Dunham College on Aug 22.

OU moved 30 freshmen into empty rooms in the new Residential Colleges as unoccupied apartments and rental houses around campus continue to linger on the market.

The Residential Colleges, advertised as upperclassman student living complexes, now house 30 first-year international students and traditional freshmen. These freshmen and first-year students are part of OU’s “global community,” which gives incoming freshmen from the United States the opportunity to live with first-year international students, said Dave Annis, associate vice president and director of Housing and Food Services.

The inclusion of freshmen in the Residential Colleges comes at a time when the university is competing with other upperclassman rental options in a market where there is a surplus of student housing. OU also announced a public-private partnership in July for more on-campus housing that is currently under construction.

Norman-based realtor Brian Eddins said he believes this surplus stems from an overdevelopment of rental apartments in the area, which has decreased demand for traditional rental houses.

“You’ve got a bunch of new rental apartments. Several years ago there was more demand for residential homes in and around the campus area,” Eddins said. “People wanted to walk to school or ride their bikes to school ... the properties in and around campus that are primarily rentals — they certainly aren’t luxury homes by any means.”

Callaway House, a new option uncommonly close to campus for a luxury apartment complex, began aggressively advertising alongside the Residential Colleges during the last year.

In April, the Residential Colleges were at 50 percent occupancy. OU offered special incentives, such as cheaper meal plans and other gifts, throughout the spring to attract more students. Now, the colleges are at 92 percent occupancy, with 571 of the 618 beds filled, Annis said.

Older apartment complexes in Norman have also felt the strain of this housing surplus. Cindy Martinez, leasing manager for the Crimson Park apartment complex, said the complex is at 71 percent occupancy  less full than last year.

“The opening of upperclassman student living options on campus have definitely played a part in the competition,” Martinez said. “Having those options for students on campus definitely does weigh on our leasing here.”

Properties near OU’s campus have now become less profitable, leading investors who were hoping to rent to OU students to instead sell their properties, Eddins said.

Amanda Barth, leasing manager at Millennium Apartments, said Millennium has a current occupancy of 55 percent. Millennium opened in 2015.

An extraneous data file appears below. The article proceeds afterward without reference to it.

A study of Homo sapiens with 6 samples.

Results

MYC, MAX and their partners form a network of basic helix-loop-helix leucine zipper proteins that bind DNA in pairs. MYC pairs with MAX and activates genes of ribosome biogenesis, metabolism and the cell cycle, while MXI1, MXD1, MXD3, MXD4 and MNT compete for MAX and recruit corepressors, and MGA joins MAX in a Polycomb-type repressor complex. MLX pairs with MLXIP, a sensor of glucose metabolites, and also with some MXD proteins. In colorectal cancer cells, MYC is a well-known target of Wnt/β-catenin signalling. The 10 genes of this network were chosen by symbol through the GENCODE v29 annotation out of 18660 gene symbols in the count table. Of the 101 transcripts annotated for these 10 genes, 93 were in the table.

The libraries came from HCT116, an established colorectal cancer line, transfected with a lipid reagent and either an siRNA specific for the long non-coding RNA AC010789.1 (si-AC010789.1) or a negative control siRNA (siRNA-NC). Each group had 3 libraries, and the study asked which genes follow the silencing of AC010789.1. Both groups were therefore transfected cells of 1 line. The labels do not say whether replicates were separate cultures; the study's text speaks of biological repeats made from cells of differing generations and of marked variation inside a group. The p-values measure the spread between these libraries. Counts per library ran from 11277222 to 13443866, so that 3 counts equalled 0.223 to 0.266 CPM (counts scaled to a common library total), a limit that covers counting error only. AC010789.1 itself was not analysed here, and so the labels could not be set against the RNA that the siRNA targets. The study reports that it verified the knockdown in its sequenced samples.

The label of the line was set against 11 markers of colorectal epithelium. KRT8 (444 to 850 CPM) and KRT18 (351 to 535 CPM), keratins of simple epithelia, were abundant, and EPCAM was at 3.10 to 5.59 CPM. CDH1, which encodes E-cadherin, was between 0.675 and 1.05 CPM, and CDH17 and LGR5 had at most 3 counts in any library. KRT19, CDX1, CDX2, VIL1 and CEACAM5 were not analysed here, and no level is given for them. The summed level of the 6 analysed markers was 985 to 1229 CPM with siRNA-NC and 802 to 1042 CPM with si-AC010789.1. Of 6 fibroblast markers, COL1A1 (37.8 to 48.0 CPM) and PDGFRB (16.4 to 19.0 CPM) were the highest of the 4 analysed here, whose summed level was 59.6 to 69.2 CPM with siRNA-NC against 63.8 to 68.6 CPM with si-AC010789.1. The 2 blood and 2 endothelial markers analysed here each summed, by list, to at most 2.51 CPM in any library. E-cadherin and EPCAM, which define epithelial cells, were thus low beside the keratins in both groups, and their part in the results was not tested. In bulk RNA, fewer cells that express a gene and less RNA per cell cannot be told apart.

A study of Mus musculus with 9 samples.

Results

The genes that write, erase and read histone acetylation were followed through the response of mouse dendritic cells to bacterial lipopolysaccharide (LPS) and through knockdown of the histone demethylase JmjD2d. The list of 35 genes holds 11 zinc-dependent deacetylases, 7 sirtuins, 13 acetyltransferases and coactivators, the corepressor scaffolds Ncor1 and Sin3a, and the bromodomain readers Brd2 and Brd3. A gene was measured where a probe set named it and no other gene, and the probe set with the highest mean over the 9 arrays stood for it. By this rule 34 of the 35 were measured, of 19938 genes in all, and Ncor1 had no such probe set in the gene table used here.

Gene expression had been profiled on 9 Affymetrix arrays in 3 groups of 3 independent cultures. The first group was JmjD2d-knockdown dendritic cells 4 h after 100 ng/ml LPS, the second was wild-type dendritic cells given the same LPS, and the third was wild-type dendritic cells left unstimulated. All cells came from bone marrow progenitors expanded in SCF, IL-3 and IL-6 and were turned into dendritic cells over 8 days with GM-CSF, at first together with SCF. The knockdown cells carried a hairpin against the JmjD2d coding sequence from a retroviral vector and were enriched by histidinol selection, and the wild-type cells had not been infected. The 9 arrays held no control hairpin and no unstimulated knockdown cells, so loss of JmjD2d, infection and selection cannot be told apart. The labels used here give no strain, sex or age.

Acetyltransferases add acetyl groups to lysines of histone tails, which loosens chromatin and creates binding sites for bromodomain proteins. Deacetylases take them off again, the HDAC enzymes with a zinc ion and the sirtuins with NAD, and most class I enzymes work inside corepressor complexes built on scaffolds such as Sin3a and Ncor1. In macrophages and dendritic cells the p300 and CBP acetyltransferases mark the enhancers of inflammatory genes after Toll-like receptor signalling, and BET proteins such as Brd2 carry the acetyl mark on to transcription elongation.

“I do think the opening of the Residential Colleges and Callaway House played a part in (the competition),” Barth said. “I just think there’s a lot of cheap housing options coming up. More housing, less students definitely makes it more challenging.”

Despite being the largest incoming freshman class in the history of the university, the class of 2021’s global community would have fit into the previous location in the freshman residence halls, Annis said. However, moving the community to the Residential Colleges would provide a better experience to those involved, he said.

“We had the ability this year to take a look at the united world group that typically goes on floor three of Couch Tower and create that community over there as part of the Residential Colleges," Annis said. "We thought it would probably broaden everyone’s experience.”

Keith Gaddie, senior fellow at Headington College, said most international students are older than the average OU freshman and therefore mature enough to ease into the upperclassman living arrangement.

“They’ve had a multi-year boarding school experience, often in a country other than their own. They also have an additional year, sort of a 13th year like you get in Canada, of preparatory education before they came here,” Gaddie said.

Annis said the freshmen living in the Residential Colleges will pay the same rate as freshmen living in the residence halls. The prices for both living arrangements vary based on the type of room and bathroom.

Some upperclassmen living in the Residential Colleges were unaware freshmen lived in the housing development, while others knew of many first-year students in their midst.

“Surprisingly, I have met a couple freshmen here," said Cole Chronowski, a computer science sophomore living in Headington College. “If I had to guess, I’d probably say about 10 percent of the people I know here are freshmen.”

Andrew Wisdom, a math sophomore living in the colleges, had five first-year exchange students on his floor meeting in the residential college, he said. Wisdom said he enjoys living in the Residential Colleges.

"I really enjoy the newness of the colleges," Wisdom said. "It gives you a chance to really create a new community, and there’s no real pre-existing history, so that’s something you get to make up for yourself."

Annis said he is unsure whether the Residential Colleges would continue to house freshmen in the future and added that the future of the global community in the Residential Colleges depends on recruitment of students for next year.

“I’m thinking next year we’ll probably have enough — more than enough — upperclass students who want to live there that it would push the freshmen out,” Annis said.

Eddins said he predicts more students will return to renting properties near campus as these new housing options wear down over the years.

“I can’t blame OU for getting into the real-estate business,” Eddins said. “I know there are a lot of investors in town who aren’t happy about it.”

Nick Hazelrigg is a political science senior and The Daily's editor-in-chief. Previously he served as The Daily's news managing editor.